5 benefits of contactless smart cards over magnetics

By Floyd Diaz

For the purposes of fare payment in public transit, contactless smartcards are a clearly superior technology to magnetic stripe cards.

Smart cards are more secure, more reliable, faster and easier to use than magnetic stripe cards.

Smart cards are more secure, more reliable, faster and easier to use than magnetic stripe cards.

As far back as 2008, the U.S. Federal Transit Administration (FTA), via the Transit Cooperative Research Program, had identified the advantages of contactless systems over all other forms of payment, with smart cards out-performing magnetics in terms of reliability, convenience, security, speed of use, fraud risk management and lowering operating costs.
Don’t let the sluggish adoption of smart card technologies in North America fool you. That reticence is based more on an attempt to leverage legacy investments than any objective analysis of the merits of contactless systems. Contactless smart cards will become the standard because they are simply a better option for passengers and agencies alike – especially as transit agencies adopt account-based payment systems.
Here are five clear benefits of contactless smart cards over magnetics in a modern transit agency environment.

1. Smart cards are more secure.
Compared to magnetics, smart cards offer more storage and secure reading and writing of data thanks to a number of encryption algorithms and electronic keys. In transit, there are numerous examples of fraud with magnetic cards based on the poor security of the technology. Contactless smart card technology has been deployed at some of the largest transit agencies internationally and in the U.S. with virtually no cases of fraud based on the technology.
There are also inherent behavioral safeguards to contactless systems, as the Federal Reserve Bank of Boston pointed out in an Emerging Payment Industry Briefing, “Active participation of the cardholder is required to perform a transaction. The payment device never leaves the consumer’s hand; and the distance factor of 4 inches between the reader and the RFID chip makes unauthorized scanning for customer data more difficult.”
Contactless smart cards, which feature on-board microprocessors, are difficult to hack, replicate or counterfeit. By comparison, replicating a magnetic stripe card is easy and inexpensive. So, an investment in a contactless smart card system is also an investment in fraud prevention that will yield immediately measurable ROI.

2. Smart cards are more reliable and reduce maintenance costs.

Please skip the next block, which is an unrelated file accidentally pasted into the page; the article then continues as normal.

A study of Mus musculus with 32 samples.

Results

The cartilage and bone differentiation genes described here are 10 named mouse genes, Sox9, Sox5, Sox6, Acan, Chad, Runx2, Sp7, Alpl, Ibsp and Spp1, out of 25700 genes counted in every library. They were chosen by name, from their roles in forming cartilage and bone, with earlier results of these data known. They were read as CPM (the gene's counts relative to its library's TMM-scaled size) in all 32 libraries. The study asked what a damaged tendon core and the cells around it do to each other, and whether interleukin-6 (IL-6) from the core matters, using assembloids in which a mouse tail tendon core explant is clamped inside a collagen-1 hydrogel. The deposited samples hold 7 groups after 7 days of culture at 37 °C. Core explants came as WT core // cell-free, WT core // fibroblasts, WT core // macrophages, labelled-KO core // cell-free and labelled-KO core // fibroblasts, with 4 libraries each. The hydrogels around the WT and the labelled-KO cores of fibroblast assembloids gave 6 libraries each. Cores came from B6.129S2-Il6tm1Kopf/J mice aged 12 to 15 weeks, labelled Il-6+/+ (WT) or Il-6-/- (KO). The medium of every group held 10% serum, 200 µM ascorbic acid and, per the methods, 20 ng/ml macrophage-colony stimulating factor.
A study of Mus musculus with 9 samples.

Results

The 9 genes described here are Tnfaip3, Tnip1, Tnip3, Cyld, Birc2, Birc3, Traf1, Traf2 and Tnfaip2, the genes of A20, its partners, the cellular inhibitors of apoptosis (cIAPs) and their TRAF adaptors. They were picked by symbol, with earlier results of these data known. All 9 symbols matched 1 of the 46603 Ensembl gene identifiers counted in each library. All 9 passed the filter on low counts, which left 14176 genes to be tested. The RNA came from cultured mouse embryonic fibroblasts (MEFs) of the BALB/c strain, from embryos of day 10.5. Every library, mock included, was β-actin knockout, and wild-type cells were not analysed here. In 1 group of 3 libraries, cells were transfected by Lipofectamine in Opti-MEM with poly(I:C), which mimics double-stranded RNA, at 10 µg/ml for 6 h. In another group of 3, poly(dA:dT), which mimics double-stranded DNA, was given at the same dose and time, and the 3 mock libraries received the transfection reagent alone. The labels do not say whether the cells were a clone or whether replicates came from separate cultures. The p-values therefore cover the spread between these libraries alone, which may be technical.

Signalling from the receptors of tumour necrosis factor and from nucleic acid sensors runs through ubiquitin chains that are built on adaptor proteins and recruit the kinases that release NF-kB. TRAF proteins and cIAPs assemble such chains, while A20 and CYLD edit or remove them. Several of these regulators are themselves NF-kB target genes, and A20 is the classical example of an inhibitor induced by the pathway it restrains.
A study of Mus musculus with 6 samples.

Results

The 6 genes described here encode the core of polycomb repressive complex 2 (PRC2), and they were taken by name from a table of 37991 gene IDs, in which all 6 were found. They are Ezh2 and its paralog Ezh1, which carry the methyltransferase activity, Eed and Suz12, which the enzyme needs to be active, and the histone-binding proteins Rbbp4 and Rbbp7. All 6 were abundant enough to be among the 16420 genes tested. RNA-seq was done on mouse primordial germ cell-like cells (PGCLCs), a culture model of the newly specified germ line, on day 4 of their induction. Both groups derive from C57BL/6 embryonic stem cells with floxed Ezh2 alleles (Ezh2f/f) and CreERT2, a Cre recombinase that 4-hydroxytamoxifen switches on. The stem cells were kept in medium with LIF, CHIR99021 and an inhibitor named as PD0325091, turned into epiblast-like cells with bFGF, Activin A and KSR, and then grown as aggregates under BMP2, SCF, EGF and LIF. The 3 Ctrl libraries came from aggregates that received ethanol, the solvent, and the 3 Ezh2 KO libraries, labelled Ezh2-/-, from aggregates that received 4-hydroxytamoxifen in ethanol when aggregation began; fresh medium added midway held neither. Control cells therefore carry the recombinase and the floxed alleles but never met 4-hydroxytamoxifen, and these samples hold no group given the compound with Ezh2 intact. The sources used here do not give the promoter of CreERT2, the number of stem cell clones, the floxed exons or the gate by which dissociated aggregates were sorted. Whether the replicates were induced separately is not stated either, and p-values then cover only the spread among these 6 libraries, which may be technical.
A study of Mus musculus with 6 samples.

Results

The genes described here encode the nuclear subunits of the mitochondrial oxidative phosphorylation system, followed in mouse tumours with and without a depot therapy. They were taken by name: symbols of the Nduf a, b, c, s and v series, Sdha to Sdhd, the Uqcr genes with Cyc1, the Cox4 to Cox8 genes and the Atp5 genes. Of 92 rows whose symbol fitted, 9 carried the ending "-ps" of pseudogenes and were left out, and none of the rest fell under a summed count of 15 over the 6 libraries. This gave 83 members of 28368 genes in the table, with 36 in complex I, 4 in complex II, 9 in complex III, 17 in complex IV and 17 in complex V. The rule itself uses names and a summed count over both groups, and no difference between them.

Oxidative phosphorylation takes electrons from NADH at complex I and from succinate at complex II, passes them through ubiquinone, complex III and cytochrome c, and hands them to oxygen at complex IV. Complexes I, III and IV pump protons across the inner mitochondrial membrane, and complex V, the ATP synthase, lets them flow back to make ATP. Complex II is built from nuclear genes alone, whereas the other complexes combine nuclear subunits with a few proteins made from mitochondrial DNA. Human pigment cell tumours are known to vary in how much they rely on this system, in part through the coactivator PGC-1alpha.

Those preoccupied with the expense of transitioning from magnetics should consider the long term. The maintenance savings alone of eliminating magnetic stripe tickets will more than offset the cost of switching to contactless smart cards.
For one, smart cards are more reliable and durable with a failure rate of one in 25,000 transactions compared to one in 5,000 for magnetic stripe cards, according to IBM. Secondly, contactless validators have no mechanical parts, thereby reducing maintenance costs for both parts and labor. Finally, contactless smart cards are sturdy and waterproof, requiring fewer replacements than magnetic stripe cards that are easily damaged by magnetic fields, moisture or normal wear and tear.

3. Smart cards are faster and easier to use.
Smart cards can perform complicated transactions in very little time, automatically allocating charges for each stage or mode of travel. In conjunction with the ability to recharge via web or mobile, this improves passenger experience and provides ease of use.
As to speed: A typical contactless smart card transaction takes about 300 milliseconds – there’s no need to fumble through a wallet or purse, feed tickets into machines, or navigate a turnstile. Improving experience and getting more passengers boarded faster means increased operational efficiencies, greater on-time bus performance and lower total cost of provisioning the service.

4. Smart cards lower operating costs and reduce losses from fare evasion.
Yes, deploying a contactless smart card system is an investment, but it’s a good investment.  As noted above, reduced expense in maintenance costs more than make up for the upfront expense. And, although producing magnetic stripe cards is less expensive, contactless smart cards are still less costly overall because of the lower equipment costs and usable life of the smart card.

5. Smart cards have great BI benefits.
By creating a repository for contactless smart card data and linking it to other databases and systems across the transit enterprise, the agency creates a powerful business intelligence (BI) engine for route planning, in particular.
There are also benefits to the enterprise in correlating smart card data to solutions for workforce management, KPIs in operations and enterprise asset management, and for strategic planning purposes.
This is the direction the industry is going – connecting data from smart payments systems and all across the enterprise to improve every facet of experience and operational performance.

Floyd Diaz is director of Automatic Fare Collection (AFC) at Trapeze Group, where he is responsible for developing long term strategic initiatives that will facilitate Trapeze’s market growth in the AFC domain. Visit www.trapezegroup.com.